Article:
Hamburg Sets Out To Become A Car-Free City In 20 Years | Truth In Plain Sight.com

Hamburg Sets Out to Become a Car-Free City in 20 Years

hamburg-agenda-21For a country which prides itself on having given the world the Mercedes and the Autobahn, it represents a major ideological U-turn: Hamburg, Germany’s second largest city, is planning to drastically to reduce the number of cars from its centre over the next 20 years and put thousands of commuters on bikes.

Under an audacious urban development scheme named “Green Network”, all vehicles will be verboten in significant swathes of the city by 2034. Instead people will move about the port city, either via  public transport or on foot or bicycle along a series of idyllic green thoroughfares which are now being painstakingly created.

“We envision a network that doesn’t just help residents to get from point A to B in a sustainable fashion,” Hamburg city spokeswoman Angelika Fritsch told the ZME Science urban planning network.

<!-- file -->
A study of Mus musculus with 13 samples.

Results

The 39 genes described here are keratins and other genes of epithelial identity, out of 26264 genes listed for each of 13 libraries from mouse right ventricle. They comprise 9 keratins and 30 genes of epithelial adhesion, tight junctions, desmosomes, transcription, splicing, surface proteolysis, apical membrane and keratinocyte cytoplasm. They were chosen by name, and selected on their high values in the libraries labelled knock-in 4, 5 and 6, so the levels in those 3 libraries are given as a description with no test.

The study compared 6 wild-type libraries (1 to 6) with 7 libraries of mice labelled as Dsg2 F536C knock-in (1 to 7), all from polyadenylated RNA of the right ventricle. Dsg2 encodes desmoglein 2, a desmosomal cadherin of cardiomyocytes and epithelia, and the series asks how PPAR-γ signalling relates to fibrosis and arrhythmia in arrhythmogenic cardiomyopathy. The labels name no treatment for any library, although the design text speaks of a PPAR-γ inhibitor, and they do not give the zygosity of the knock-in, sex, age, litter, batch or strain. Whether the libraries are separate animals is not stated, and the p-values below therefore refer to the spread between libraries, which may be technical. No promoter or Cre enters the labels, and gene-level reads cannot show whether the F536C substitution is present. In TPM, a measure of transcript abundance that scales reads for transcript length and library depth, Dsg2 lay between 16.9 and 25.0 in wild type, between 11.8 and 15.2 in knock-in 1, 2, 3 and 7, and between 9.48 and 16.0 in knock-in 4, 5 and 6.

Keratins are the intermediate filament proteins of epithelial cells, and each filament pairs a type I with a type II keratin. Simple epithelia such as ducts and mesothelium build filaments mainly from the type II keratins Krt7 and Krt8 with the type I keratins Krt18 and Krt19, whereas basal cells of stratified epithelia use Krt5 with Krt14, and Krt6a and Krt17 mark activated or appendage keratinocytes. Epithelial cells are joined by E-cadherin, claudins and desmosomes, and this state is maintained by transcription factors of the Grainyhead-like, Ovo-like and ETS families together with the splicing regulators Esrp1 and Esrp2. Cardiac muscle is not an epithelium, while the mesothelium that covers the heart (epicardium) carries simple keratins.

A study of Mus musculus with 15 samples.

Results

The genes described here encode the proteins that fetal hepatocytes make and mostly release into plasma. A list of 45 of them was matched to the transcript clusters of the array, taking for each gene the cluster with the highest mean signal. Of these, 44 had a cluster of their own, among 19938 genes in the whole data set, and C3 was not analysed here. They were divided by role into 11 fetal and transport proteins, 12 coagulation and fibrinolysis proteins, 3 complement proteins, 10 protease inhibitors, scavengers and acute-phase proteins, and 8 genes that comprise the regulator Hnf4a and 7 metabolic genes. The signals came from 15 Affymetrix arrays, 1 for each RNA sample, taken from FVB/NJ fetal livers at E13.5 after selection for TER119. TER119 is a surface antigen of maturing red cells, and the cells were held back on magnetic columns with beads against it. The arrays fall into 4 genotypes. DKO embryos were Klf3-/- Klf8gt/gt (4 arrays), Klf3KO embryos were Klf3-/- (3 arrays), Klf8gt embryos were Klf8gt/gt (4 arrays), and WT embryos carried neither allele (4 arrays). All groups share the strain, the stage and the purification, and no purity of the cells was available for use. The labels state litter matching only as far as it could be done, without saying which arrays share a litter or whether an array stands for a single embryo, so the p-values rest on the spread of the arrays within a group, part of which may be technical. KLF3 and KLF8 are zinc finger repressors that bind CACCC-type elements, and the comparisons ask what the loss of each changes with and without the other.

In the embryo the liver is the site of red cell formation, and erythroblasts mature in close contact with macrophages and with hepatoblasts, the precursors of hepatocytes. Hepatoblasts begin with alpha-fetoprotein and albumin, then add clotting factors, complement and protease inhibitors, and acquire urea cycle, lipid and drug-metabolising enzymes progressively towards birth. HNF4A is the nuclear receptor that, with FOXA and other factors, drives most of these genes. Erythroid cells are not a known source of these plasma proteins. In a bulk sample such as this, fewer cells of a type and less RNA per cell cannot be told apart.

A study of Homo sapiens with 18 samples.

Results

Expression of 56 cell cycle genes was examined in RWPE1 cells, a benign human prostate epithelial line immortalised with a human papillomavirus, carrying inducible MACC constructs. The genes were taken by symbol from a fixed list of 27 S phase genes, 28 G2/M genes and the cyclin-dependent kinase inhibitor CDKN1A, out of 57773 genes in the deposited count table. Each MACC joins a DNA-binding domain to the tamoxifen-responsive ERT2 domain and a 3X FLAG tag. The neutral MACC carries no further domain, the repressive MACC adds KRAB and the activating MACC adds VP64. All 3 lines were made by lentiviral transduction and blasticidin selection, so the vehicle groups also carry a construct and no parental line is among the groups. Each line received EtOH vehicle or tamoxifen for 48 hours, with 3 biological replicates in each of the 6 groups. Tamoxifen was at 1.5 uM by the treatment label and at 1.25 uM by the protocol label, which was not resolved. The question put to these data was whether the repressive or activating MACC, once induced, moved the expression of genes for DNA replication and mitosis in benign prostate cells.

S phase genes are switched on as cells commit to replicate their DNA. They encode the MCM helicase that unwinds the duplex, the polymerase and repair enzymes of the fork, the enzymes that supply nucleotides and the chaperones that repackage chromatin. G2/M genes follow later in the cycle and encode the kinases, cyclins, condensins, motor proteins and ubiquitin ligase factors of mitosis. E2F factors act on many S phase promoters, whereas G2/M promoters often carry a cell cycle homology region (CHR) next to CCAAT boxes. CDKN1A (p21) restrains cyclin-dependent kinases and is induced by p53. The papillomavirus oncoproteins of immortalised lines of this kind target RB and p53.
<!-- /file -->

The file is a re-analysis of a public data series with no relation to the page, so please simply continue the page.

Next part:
“It will offer people opportunities to hike, swim, do water sports, enjoy picnics, restaurants, experience calms and watch nature right in the city.”

A glance at the map of the Green Network project helps to explain what Hamburg’s environmental planners have in mind. On paper, the port city resembles a 3D depiction of a human organ. The conurbation is surrounded by green spaces which spawn scores green artery-like paths leading to the city centre.

The impression is reinforced by the mighty river Elbe and its tributaries which feed into the city centre and beyond and in many cases function as additional green waterways also leading to the centre of town. Some 30 city planners are currently working full time on plans for the network which will cover some 17,000 acres.

Hamburg’s planned Green Network will cover some 40 per cent of the city’s entire  area and will connect parks, recreational areas, playgrounds cemeteries and gardens with a comprehensive network of green paths. “Cities like London have a green belt, but the Green Network will be unique in covering an area from the outskirts to the city centre,” Ms Fritsch insists, “ In 15 to 20 years it will be possible to explore the city exclusively by bike or on foot,” she added.